ICBC - TechPilot Project
Would you volunteer to have your driving monitored all the time that you are behind the wheel in order to benefit from reduced insurance rates? Driver telematics are becoming a common way for insurance companies to assess a driver's crash risk and help set rates that are appropriate for that risk level.
Drivers can also learn from using telematics feedback and choose to reduce the risk that they present. We would all benefit from reduced risk of a crash.
ICBC is working with a group of new drivers in the Graduated Licensing Program using a telematics system supplied by Octo. Drivers in the pilot earn rewards for demonstrating safe driving behaviour. The goal is to see if telematics will create a positive driving attitude and reduce crashes.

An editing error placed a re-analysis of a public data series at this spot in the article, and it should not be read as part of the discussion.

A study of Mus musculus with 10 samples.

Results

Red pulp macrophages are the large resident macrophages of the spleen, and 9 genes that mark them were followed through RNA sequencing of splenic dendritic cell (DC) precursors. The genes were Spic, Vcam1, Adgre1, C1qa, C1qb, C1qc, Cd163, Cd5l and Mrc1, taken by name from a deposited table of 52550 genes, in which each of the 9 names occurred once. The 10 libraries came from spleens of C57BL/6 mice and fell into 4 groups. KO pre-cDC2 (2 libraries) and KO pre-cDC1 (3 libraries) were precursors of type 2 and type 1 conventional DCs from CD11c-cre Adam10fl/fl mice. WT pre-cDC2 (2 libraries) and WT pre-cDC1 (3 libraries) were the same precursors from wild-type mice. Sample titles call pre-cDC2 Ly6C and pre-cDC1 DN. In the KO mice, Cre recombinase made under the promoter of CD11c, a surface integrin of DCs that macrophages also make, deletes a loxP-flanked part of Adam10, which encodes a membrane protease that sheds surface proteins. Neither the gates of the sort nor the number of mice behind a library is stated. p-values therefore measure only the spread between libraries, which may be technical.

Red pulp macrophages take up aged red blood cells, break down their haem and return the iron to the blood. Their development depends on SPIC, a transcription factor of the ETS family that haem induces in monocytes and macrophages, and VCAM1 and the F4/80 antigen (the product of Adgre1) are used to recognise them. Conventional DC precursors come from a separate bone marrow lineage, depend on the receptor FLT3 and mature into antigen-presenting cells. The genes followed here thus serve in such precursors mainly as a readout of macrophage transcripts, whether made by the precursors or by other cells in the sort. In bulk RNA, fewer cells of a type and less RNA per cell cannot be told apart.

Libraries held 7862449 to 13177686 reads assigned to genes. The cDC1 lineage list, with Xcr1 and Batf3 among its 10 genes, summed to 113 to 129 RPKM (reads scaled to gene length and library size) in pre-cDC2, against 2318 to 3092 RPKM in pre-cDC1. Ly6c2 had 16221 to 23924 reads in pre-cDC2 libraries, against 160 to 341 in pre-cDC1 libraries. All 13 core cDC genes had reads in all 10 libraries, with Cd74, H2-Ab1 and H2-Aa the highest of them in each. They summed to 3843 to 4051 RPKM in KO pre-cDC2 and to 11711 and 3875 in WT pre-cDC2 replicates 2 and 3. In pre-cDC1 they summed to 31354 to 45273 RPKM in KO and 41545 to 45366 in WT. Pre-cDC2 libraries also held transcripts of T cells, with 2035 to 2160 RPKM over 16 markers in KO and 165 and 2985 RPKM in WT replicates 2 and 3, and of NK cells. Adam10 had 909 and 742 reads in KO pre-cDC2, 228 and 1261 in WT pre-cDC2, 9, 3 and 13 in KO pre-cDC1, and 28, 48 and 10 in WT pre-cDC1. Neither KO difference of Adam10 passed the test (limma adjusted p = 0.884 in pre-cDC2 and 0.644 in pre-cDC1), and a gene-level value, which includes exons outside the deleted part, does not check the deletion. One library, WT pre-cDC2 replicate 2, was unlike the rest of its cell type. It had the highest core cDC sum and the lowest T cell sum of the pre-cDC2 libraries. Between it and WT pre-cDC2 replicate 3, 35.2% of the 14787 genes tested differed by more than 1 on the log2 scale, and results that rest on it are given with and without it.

An outcome evaluation of the project was published in February 2022. The document's conclusion includes:
The overall findings gathered from Techpilot suggest, that telematics use had a positive influence on the driving behaviour of new drivers. Improvements in driving behaviour were observed across all behaviour event types (rapid acceleration, harsh deceleration, hard cornering and speeding) and for the most part sustained over the pilot term. Except for hard cornering, these changes were statistically significant, p <0.05. Such improvements however, were not shown to reduce crash frequency or rates among those using telematics. The behaviour effect size along with limitations imposed by the data are considered factors.
B.C. driver's attitude toward speed was highlighted as well:
One finding of concern is that participants shared some norms and attitudes about speeding in British Columbia, and the negative impact it had on their own driving habits. They noted the unwritten rule of speeding, its acceptability and the pressure they felt to conform — based on expectations from other drivers and, sometimes, even their own passengers.